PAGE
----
Recent California rains have been both a blessing and a curse to homeowners living in the hills above Los Angeles. The blessing? Downpours reduce potential wildfire danger as they quench the dry brush.

But they’re a bust for homeowners like 24-year-old pop singer Demi Lovato, whose new $8.3 million home in the Laurel Canyon neighborhood was recently deemed unfit for occupancy before she even moved in, thanks to a mudslide from the neighbor’s home above hers.

The Los Angeles Fire Department estimated 20 tons of earth came cascading down the hill. That kind of landslide piled enough rocks and mud onto the 2017 Grammy nominee’s driveway that, had she been living there, would have blocked her in and buried her cars.

Five neighboring houses were evacuated, power was cut to hundreds of area residents, and some people whose doors and driveways were blocked by rubble had to be assisted out of their homes by rescue workers.


Those words aren’t much consolation to Lovato. A representative of the Department of Building and Safety has “red-tagged” the three-story, four-bedroom home she purchased in September. The tag on the door indicates a dwelling is unsafe to inhabit and allows for no entry to the home. It’s an extreme measure, but there’s imminent danger of the home above hers cascading down the hill.



Lovato isn’t alone

Lovato wasn’t the only celeb in the Laurel Canyon area to suffer the consequences of Southern California’s recent rains. A mid-January mudslide closed off Laurel Canyon Boulevard for several days and blocked an important artery between the San Fernando Valley and Hollywood. It affected hundreds of thousands of local residents, including prominent area homeowners such as George Clooney, Jared Leto, Bruno Mars, Pharrell Williams, and movie producer Megan Ellison.

In an intriguing twist, the property perched above that disaster site is now up for sale. It’s a one-bedroom, one-bath, 320-square-foot home on a 3,692-square-foot lot listed in late January for $250,000. The price was cut to $200,000 10 days later, and the listing description doesn’t mince any words about why. Take a look:

“Calling all developers! Fantastic opportunity to purchase a property for land value in the famous Hollywood Hills. To the seller’s knowledge the home is not damaged but the home cannot be accessed due to the red tag from the city after mudslide. The patio and balcony broke away from the home and slid down the hillside in a mudslide in January 2017. Seller has not lived at the property for several years. Property is being sold 100% as-is. Buyer to assume all responsibility. Seller will not provide or pay for any soil, geology or structural inspections. Drive By Only. Do not attempt to access property, it is red tagged by city. Seller does not have any information on what can or can’t be done with the property.”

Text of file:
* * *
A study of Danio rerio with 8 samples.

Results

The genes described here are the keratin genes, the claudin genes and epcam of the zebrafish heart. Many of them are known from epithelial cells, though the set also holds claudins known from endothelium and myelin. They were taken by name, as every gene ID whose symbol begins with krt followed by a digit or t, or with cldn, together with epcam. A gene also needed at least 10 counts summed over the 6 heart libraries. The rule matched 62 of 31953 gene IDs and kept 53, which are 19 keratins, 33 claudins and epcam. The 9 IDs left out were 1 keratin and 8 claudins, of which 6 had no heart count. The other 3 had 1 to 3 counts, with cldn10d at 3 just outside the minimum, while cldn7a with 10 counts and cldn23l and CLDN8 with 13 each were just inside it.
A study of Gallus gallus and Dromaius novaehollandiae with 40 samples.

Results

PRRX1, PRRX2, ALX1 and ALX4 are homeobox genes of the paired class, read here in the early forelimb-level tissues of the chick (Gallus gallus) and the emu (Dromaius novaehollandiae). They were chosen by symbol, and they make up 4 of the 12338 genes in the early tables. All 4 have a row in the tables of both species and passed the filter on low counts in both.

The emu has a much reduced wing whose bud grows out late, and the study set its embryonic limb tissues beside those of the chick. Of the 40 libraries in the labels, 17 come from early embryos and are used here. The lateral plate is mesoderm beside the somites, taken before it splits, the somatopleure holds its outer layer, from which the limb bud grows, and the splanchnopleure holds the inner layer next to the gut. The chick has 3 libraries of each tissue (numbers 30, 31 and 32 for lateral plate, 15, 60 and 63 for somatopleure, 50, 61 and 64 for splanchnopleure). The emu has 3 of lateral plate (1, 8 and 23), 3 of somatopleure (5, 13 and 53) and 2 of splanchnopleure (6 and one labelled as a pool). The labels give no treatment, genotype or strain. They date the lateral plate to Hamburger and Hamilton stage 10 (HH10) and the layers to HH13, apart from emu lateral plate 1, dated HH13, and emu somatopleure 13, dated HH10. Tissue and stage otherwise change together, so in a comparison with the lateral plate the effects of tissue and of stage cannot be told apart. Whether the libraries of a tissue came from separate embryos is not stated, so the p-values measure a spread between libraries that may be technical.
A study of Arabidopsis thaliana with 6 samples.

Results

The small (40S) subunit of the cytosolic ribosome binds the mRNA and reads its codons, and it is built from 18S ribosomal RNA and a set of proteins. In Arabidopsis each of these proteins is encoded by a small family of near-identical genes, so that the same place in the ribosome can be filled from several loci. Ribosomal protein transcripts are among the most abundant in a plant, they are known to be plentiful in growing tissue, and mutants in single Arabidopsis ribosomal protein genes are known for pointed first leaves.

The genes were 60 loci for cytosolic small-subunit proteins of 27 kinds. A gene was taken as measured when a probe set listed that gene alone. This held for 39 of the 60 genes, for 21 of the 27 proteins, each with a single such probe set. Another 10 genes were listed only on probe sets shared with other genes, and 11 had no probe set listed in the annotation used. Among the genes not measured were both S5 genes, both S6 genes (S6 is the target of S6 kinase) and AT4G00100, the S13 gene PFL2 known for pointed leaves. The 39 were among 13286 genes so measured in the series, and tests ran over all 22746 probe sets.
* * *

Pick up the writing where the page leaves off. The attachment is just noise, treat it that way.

Fixer-upper anyone?


Controlling the damage

Despite the risk, hillside properties demand premium prices in Los Angeles. Luxury Realtor® Christophe Choo of Coldwell Banker Previews represents prestigious buyers and sellers in L.A., many of whom want hillside properties. He says there are a few things a buyer can do to ascertain landslide risk on a property before purchase.

First, go beyond the general inspection and hire a geologist who will research the property and provide landslide and earthquake maps of the surrounding area. Earthquakes also put hillsides at risk for landslides in California, so a buyer should know if there’s a fault running near or through the property.

You should also factor in your future plans for your hillside property. Want to add a pool or guesthouse? You’ll want soil tests and core samples to determine how stable the land under your property is, Choo says.

Finally, if you’re buying a hillside home, look into extra insurance to cover potential landslide disasters. Most people don’t realize landslides aren’t covered in the majority of homeowners insurance policies. As with earthquake insurance, it must be purchased separately—and it’s often quite expensive. But you might find it well worth the cost in the event of a disaster.

Here’s hoping Lovato had the foresight to purchase that extra policy.